The Humanitarian Space - Multi Armed Bandit Testing

(Mike Nolan) #1

Hey all,

My project has gotten to a point where I have things which are kind of fun to show. So I work for the International Rescue Committee, they are this big organization, kind of like Red Cross, that help people who have been affected or displaced by conflict or disaster. So anyone that’s internally displaced within their own country, or in the case with my work specifically, a refugee, we work to help rebuild their lives.

Anyways, so I’m working in Jordan helping Syrian refugees and economically vulnerable Jordanians find employment opportunities. We have this suite of “interventions” which are like aid packages. Some are cash hand outs, some are information sessions, some are focused on confidence building (we call this our psychological intervention).

We don’t really have any evidence or data if one works better than the others. We don’t know if one works better for certain groups or worse for other certain groups. We essentially don’t know anything at all.

So what do we do? Well, essentially we want to measure the effectiveness of these treatment packages, and shift our program to hand out the things that are most effective. So, you’ll see a lot of websites employ a strategy called A/B testing, where a certain percentage of users get version A of a website, and a certain percentage of users get version B of a website. After some time we check back and look at the data and see if version A is doing better or if version B is doing better.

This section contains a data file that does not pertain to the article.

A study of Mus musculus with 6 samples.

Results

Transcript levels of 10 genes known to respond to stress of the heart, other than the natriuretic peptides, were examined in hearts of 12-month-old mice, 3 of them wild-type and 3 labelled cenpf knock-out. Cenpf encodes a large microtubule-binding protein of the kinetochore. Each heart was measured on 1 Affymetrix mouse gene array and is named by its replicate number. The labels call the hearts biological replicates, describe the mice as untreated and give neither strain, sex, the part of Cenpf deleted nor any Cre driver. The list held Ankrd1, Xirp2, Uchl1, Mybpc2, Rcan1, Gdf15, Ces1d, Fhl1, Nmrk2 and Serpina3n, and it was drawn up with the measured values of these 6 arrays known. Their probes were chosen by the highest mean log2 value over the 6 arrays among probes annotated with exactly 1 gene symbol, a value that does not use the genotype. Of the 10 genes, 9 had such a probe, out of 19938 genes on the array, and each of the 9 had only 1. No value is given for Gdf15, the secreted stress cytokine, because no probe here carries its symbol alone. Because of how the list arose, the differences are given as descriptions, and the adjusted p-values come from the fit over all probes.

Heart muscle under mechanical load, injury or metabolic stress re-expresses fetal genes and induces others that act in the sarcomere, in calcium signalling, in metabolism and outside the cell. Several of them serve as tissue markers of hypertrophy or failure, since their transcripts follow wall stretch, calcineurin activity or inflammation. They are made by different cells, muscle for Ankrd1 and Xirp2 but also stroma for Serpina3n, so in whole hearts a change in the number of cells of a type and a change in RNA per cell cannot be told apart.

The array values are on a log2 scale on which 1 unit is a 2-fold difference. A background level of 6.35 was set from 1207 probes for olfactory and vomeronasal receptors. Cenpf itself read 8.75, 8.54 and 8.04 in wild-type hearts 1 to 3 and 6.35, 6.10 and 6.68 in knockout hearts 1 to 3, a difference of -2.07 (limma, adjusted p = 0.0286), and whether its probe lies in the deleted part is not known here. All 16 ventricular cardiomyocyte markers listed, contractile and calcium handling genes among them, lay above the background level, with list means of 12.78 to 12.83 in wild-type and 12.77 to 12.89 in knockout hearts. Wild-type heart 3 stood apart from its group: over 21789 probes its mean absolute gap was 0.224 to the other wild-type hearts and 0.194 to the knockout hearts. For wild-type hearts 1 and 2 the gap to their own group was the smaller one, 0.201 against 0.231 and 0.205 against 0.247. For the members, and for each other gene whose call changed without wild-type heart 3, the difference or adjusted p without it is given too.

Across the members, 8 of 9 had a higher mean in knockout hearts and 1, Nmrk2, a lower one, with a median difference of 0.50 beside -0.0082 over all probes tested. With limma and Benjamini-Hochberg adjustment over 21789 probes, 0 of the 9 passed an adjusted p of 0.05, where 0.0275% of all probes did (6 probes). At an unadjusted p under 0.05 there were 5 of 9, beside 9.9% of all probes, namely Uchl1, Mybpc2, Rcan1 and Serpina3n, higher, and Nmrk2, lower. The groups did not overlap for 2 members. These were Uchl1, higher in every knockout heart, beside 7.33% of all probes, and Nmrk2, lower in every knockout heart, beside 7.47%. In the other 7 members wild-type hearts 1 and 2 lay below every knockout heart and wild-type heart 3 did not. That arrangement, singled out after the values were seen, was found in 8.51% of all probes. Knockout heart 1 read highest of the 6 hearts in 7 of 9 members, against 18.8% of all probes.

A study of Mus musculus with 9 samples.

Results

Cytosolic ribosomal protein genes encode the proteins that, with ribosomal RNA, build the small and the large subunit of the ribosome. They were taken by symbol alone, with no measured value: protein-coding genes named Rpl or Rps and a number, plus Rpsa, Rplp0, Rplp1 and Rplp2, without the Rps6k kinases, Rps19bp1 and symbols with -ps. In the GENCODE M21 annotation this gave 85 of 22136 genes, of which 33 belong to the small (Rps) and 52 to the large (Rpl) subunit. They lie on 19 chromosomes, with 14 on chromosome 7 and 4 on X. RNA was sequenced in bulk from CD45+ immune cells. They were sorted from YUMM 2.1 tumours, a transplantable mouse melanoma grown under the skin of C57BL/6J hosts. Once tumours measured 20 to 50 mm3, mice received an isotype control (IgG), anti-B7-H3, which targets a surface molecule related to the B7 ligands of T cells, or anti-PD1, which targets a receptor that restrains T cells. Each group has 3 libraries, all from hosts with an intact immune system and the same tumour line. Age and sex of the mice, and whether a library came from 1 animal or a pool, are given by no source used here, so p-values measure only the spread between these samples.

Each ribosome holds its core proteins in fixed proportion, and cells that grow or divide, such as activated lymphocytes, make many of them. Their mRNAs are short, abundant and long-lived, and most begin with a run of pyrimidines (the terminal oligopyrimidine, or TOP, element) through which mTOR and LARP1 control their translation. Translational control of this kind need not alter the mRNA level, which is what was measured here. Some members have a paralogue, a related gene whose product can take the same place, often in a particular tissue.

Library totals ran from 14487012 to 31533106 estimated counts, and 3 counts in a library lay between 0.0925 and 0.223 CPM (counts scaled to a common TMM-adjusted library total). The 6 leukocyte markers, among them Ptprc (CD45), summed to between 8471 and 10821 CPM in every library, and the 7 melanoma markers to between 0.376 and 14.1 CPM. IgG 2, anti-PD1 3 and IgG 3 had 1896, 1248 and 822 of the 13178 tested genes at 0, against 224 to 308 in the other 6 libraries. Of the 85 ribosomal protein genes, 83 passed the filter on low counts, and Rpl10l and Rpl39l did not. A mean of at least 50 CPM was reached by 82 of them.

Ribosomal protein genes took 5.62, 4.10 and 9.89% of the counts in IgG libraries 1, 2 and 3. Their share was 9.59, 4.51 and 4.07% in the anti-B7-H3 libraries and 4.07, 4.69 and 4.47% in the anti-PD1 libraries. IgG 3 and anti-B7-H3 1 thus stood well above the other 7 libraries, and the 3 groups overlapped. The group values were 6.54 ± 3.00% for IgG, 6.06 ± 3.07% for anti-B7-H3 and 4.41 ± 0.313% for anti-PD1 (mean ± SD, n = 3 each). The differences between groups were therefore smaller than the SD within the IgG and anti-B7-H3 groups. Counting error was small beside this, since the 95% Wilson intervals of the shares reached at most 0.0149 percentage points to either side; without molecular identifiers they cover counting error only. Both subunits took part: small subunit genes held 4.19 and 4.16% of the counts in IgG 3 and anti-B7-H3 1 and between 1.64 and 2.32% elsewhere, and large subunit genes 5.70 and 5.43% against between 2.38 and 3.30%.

What we’re doing here is similar but slightly more advanced. We’re employing this strategy called Multi-Armed Bandit Testing. Read the link for a bit more information but the gist is that instead of having to wait some time and look back, we employ machine learning to evaluate the data, and shift the probability of who gets what treatment as it becomes more and more confident as to which treatment works best for which type of person.

We even have this cool little dashboard that we’re using to monitor how the treatments are shifting over time. All of our code is open sourced on github. Given the sensitive nature of refugee data, we’re working on a solution to making multi-armed bandit testing a bit more plug and play in this sort of situation but stay turned for more information onthat.

Does this sort of stuff interest you? If so, you should definitely check out LibreCorps. They work with a similar organization to mine called UNICEF doing great work as well. Always feel free to DM me on IRC (nolski[m]) if you want to chat more about this kind of work.

2 Likes
(Justin W. Flory) #2

Thanks for sharing @nolski, this is on my reading list for this week. :slightly_smiling_face:

More info about LibreCorps, a program run by Prof. Stephen Jacobs at the MAGIC Center is on the FOSS@MAGIC website too if anyone is curious.